Bengaluru, May 29: Hire and fire, hire and fire - Hockey India's formula for recruiting coaches has forced the national team to start from scratch every few months. And now that the national hockey team has an Indian, Harendra Singh, at the helm for the first time since 2008 when Joaquim Carvalho coached the side, the hockey campers have suddenly found an inner voice telling them the federation should have hired an Indian coach much earlier.
Sjoerd Marijne, who was appointed last September after Roelant Oltmans was sacked, swapped roles with the women's team head coach Harendra after the Commonwealth Games 2018, where India finished fourth. Before Oltmans, who took over from his role as high performance director, there were several foreigners in-charge of the team - Paul van Ass (2014-2015), Terry Walsh (2013-2014), Michael Nobbs (2011-2013), Jose Brasa (2009-2010) and Ric Charlesworth (2008).
Wearing this smile to hide the pain inside .... Expecting this life will give us a new opportunity to over come this .. Time to say goodbye to the village ... Bon voyage #CommonwealthGames2018 @GC2018 pic.twitter.com/vGDQZpQxpS— sreejesh p r (@16Sreejesh) April 17, 2018
Having seen foreigners come and go and then complain about the system, India captain and goalkeeper PR Sreejesh is happy to have a fellow Indian coaching the side; someone who understands the Indian culture and work ethic.
"In India, all players are used to following their teachers from childhood," Sreejesh said on the sidelines of the team's preparations for the Champions Trophy (beginning from June 23) and the Asian Games (starting on August 18). "That's how our culture is. That's how we have grown up. I used to ask my dad before doing anything major in my life -- even now I'm 30 plus but I follow the same thing. He (the coach) can show me where I have to walk, and then I will ask him where I can improve. Or I can suggest, 'If I take this turn, how will it be?' That's how the system has to be. If he draws a picture, I can help him to paint it so it looks better. He can't ask me to draw a picture and say he will paint it. He should have an idea of how we are going to play and we can help him make it beautiful."
Sreejesh feels Marijne's player driven approach was a big failure with the side. The 30-year-old was one among the senior players who reportedly complained to Hockey India over Marijne's methods after the team's poor outing in the Gold Coast Commonwealth Games.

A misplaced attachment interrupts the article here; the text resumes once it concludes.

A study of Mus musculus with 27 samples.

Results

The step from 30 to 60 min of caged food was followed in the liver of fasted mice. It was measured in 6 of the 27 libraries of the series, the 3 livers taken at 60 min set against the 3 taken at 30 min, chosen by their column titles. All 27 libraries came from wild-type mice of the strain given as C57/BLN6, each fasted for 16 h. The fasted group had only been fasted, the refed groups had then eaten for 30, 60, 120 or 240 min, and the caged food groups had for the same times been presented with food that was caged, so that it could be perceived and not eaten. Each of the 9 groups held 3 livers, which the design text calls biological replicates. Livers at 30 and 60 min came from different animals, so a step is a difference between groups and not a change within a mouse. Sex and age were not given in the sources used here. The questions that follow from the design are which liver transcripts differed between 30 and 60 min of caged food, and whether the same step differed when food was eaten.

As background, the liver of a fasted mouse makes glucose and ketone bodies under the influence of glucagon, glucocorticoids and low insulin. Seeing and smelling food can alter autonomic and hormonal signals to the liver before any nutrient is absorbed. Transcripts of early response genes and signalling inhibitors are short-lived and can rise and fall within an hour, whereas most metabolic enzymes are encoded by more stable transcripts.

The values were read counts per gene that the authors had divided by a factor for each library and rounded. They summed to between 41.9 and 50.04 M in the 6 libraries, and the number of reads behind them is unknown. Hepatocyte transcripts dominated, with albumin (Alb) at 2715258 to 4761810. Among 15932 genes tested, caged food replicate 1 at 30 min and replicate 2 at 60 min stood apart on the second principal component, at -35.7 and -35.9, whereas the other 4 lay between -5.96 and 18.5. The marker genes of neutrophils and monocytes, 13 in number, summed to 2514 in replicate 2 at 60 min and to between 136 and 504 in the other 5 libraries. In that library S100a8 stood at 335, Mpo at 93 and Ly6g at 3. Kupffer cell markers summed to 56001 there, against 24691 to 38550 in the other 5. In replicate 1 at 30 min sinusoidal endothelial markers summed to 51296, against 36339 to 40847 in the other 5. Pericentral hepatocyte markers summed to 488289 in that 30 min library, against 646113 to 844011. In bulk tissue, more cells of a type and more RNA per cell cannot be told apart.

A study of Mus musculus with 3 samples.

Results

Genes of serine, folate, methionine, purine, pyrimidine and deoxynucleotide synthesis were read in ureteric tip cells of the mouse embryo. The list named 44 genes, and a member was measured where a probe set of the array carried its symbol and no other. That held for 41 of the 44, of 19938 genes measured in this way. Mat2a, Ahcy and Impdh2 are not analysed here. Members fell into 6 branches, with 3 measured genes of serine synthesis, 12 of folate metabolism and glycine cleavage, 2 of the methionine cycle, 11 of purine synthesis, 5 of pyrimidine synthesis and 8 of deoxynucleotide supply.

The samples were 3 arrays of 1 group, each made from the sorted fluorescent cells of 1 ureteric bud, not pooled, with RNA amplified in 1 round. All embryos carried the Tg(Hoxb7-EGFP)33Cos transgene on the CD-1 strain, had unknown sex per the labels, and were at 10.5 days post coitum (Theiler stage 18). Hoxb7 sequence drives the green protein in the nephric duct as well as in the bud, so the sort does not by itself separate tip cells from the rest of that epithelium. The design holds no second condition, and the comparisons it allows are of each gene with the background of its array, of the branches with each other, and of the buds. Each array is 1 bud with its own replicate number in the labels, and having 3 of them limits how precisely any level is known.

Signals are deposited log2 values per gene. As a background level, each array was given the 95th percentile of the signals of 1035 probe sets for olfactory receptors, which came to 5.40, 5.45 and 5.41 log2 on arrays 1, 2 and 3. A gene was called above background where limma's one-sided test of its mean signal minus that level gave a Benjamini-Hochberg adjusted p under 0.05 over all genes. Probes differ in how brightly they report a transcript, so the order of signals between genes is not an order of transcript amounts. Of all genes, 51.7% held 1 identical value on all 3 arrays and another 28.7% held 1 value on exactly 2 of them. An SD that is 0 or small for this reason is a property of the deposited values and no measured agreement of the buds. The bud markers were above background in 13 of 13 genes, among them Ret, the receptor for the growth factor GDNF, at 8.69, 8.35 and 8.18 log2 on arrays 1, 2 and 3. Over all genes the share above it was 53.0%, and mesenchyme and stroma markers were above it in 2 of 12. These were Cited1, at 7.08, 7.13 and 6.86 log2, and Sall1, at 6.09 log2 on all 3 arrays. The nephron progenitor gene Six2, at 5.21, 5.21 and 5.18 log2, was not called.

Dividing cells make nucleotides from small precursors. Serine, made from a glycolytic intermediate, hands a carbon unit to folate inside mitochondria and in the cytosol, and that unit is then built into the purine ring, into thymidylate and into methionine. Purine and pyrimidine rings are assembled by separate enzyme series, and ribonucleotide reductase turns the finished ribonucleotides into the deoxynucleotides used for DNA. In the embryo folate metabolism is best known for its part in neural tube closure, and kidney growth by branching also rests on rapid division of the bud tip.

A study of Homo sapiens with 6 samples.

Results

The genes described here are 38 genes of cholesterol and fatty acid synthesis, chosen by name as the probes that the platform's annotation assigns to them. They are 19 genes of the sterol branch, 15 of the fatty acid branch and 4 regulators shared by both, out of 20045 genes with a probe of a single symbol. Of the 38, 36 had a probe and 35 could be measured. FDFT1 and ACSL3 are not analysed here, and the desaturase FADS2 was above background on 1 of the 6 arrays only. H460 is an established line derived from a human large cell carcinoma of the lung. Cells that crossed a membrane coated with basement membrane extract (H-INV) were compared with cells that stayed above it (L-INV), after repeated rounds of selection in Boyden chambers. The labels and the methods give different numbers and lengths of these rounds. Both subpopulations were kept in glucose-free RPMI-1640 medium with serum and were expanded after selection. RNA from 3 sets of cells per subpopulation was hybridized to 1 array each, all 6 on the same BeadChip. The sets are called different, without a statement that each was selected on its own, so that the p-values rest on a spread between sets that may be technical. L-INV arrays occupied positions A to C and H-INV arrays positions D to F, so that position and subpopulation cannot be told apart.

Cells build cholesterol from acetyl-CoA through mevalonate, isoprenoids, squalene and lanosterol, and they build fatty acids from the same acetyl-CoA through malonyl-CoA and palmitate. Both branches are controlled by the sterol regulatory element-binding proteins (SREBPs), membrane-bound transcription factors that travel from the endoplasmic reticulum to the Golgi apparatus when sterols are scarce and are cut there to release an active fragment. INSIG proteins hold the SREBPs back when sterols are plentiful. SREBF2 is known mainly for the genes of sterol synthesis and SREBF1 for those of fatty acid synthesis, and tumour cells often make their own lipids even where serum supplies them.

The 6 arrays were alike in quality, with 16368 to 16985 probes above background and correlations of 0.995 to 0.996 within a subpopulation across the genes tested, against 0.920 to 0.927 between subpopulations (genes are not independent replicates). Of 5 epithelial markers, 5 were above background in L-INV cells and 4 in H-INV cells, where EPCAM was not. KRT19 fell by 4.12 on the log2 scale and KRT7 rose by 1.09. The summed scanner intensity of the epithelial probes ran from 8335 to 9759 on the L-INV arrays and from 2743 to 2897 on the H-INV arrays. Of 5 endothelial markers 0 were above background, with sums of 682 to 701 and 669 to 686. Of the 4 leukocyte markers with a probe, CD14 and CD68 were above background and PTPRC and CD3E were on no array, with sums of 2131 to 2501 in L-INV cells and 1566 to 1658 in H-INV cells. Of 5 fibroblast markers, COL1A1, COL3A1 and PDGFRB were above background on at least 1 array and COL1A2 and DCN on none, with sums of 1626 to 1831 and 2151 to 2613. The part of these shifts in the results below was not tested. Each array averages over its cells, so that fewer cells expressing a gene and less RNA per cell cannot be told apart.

"Sjoerd used to eat a lot of cheese and Harendra sir eats chawal and dal," Sreejesh said. "Every coach has his own style. He knows the perfect Indian style and what we are capable of. He knows how to prepare us for that. When someone else comes in from outside, and he wants to try his own style, maybe the team won't adjust to that or sometimes they will adapt."
When asked specifically what differences Sreejesh found in the methods adopted by the two coaches, the captain said: "You can choose what you want to eat from the table. But coaches have restrictions about the food that is there on the table. You are responsible for your own performance but coaches will show you the way. I can give you an example about Sunil. He's one of the fastest players in the world. The coach cannot ask him to slow down his game and dribble past 10 people. If someone is really skillful, you can't ask him to run with the ball. That's how things work. It's important to have a system, and within that system you need to ask players to give their best."
Chief Coach of the Indian Men’s Team, @HarendraSingh66, is looking forward to further challenges in 2018 as the next six months have three prestigious international competitions on the horizon. #IndiaKaGame pic.twitter.com/jWx4yTseHr— Hockey India (@TheHockeyIndia) May 29, 2018
In Harendra, Sreejesh sees familiarity. Not just for him but for the rest of the team. "Like I said before, every player in this team has trained under Harendra sir (who was the junior hockey team coach) at some point," Sreejesh said. "So everyone knows what he wants. If you're in the hostel it's hard for you to adjust to a new atmosphere, but when you come back home, even if you get sambar rice you're happy with that. There are no complaints. It's easy to adjust to a homely atmosphere. That's how we are feeling now. The first thing is language -- there is no need for translation. If there is a mistake on the field, it's quite easy for us to discuss it. And any player, even a junior, can directly go to the coach and discuss things. Language is a big thing.
"The second thing is the comfort zone...how he makes players comfortable with him. Everyone feels free to talk, discuss things and accept their mistakes. That's the change...the process of improving as a team. That's a positive sign before the Asian Games."
Sreejesh finally admitted that Hockey India should have gone for an Indian coach after the repeated failure of foreigners. But one can only wonder why the players did not ask for an Indian coach much earlier.
"We should develop our own coaches, that's for sure," he said. "We need to take experience. But Indian coaches are developing players from the grassroots levels. We need to give them more experience and technologies. We should conduct clinics to update their knowledge, so that more coaches come through."